There are some of us who are afraid of heights. Even a glance down from the third-floor terrace of the house might have us reeling. But everybody doesn’t have that luxury. There are some who need to go up to great heights of structures as part of their job. The story doesn’t end there, though. Those people not only have to go up there, but they need to work too. It is by no means a sightseeing trip up a building to admire the view. We do admire these brave men and women for the work they do up at those heights. But we also need to take into account the construction-related fatalities that occur with alarming regularity. One look at the Occupational Safety and Health Act (OSHA) figures tell a distressing story.
This post will attempt to talk about five fall protection solutions that can ensure safety when working at height.
1. Physical Barriers
Awareness and education are very important, and we will come to that. But most fatal falls from rooftops can be prevented by adequate roof edge protection. This doesn’t need very complicated fabrications or erections on the roof. It only requires guard rails all around the roof’s perimeter. Depending on the type and duration of the work, you could choose to install permanent fixtures or you could use portable options. Contractors who use such guard railings at their worksites usually have clear guidelines laid down. If there is a need for someone to go outside the rail and work, that would need specific approval, and also additional fall protection equipment. This is detailed in the next point.
2. Fall Arrest Systems
Every person who goes up to a roof or any high point to work needs to have these personal fall arrest systems. You must have already seen some common elements of these systems. Some examples are harnesses, hooks, and safety belts. Some companies try to cut back on these basic safety features to save on costs. But this is a very risky mistake. The medical or compensation costs for a fatality can far outweigh any savings that were incurred. Before buying your safety gear, though, you need to consult an expert or do some reading up yourself. Every kind of job would not need the same safety equipment. Also, the comfort or the looks of the gear are not as important as the quality. You must go for high-quality gear irrespective of its cost, looks, or even comfort.
3. Right Calculations
This is yet another reason why experts need to be consulted before you buy any safety equipment. Let us take the example of a fall protection equipment that tightens and pulls up after you have fallen a certain distance. Every part of the work area needs to be inspected very carefully. This would ensure that the fall distance is greater than the maximum distance your equipment can allow a carry. Also, while doing your calculations, the average weight of your workers is the wrong yardstick. You need to look at the maximum weight that the harness or lanyard would need to carry in case of a fall. These calculations might look very obvious as you are reading them. But a shocking number of fatalities occur because someone neglected to consider these things.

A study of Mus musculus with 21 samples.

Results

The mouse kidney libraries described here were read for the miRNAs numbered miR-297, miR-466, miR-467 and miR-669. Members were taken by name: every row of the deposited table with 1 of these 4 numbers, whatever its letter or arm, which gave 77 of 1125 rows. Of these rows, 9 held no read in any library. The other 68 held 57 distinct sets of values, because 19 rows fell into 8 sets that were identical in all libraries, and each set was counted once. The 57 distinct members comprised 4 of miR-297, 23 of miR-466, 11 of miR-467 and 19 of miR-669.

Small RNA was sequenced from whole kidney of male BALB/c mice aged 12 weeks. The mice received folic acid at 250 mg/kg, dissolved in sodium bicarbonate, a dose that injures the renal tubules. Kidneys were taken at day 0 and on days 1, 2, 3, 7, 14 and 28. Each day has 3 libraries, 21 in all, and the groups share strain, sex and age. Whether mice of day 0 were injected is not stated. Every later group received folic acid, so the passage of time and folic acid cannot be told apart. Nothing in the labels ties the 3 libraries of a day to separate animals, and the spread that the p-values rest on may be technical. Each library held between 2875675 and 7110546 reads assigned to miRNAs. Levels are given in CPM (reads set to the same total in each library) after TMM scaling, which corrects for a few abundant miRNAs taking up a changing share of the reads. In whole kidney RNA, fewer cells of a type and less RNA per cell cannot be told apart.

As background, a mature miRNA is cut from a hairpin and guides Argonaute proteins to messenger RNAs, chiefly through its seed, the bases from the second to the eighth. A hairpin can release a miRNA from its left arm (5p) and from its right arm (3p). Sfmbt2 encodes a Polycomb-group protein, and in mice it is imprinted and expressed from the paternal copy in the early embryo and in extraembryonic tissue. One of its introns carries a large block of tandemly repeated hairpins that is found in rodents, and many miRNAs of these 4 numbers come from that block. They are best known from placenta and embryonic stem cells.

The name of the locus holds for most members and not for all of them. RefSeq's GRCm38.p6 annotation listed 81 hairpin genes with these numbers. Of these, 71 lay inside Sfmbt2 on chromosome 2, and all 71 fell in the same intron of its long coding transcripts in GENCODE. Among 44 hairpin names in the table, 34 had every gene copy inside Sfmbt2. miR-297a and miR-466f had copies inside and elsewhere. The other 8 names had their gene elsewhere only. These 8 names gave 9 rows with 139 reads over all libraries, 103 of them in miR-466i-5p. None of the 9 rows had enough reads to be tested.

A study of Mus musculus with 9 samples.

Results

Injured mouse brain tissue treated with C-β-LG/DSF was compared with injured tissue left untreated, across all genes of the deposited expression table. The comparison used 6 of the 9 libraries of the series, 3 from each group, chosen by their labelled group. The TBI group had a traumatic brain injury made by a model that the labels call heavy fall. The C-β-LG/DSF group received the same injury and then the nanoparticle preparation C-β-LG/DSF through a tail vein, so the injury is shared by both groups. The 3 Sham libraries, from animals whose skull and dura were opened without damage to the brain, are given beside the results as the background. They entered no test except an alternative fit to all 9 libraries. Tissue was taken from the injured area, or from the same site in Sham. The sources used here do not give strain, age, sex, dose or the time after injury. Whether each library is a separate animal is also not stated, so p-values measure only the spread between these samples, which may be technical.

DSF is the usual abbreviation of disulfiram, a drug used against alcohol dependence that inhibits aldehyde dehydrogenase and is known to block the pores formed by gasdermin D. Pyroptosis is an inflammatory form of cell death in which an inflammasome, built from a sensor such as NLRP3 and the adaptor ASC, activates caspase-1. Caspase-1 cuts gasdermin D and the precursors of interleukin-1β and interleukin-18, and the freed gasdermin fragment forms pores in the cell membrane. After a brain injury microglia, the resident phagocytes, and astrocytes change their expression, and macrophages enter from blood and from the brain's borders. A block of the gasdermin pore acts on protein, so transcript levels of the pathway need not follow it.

4. Regular Checks
Workplace safety is not a destination. It can never be. A smart manager or owner would always look at workplace safety as a work in progress. It is a journey, one that never ends. One example of this is a periodic checking of the workplace. This would not only include checks and rechecks of the fall protection equipment. Often a chipped or cracked roof edge causes people to slip and injure themselves. There are workplaces where spilled oil can be a grave safety risk. So, workplace safety can’t be about the one-time purchase of safety equipment. Nor can it be about a check of the workplace when someone thinks about it. There should be a daily/weekly/monthly/annual schedule of checks listed down at the beginning of every year. This schedule must be stringently followed.
5. Awareness and Training
This is something we were mentioning earlier. In matters of workplace safety, some of the errors seen are really surprising. One would think that people who have been working on construction sites for years would know better. But often, that is far from reality.
There are usually two reasons for this negligence.
- One is the sheer arrogance of ‘I’ve been doing this for 10 years, so I know what I am doing’. That is very difficult to address unless the concerned person has a ghastly accident himself and learns his lesson.
- The second reason is entirely in your hands to resolve, though. This second reason is the sheer lack of knowledge and awareness. People working on roofs for years might simply not know about the risks. They would, therefore, not know about the precautions as well. This can be addressed by periodic training sessions. The more aware the workforce is, the more everyone will talk about it at the workplace. This will make fall protection a way of life for them, rather than an activity they are forced to do.
If you would have read so far, you would have realized a simple thing. That protecting your construction workforce from fatalities due to falls is not as difficult as you think. Most of them are commonsensical. For the few that need specialized knowledge, you can always hire the services of experts to get your teams educated. Most contractors or managers either neglect workplace safety because of the low priority they give it. There are others who neglect it because they feel it might be very costly. Both reasons are very flimsy, especially in the light of the human and financial costs of an accident or fatality. This blog has attempted to get you and your teams thinking about the simple things can be done. If your teams are able to follow these rigorously, you can surely expect a reduction in fatalities.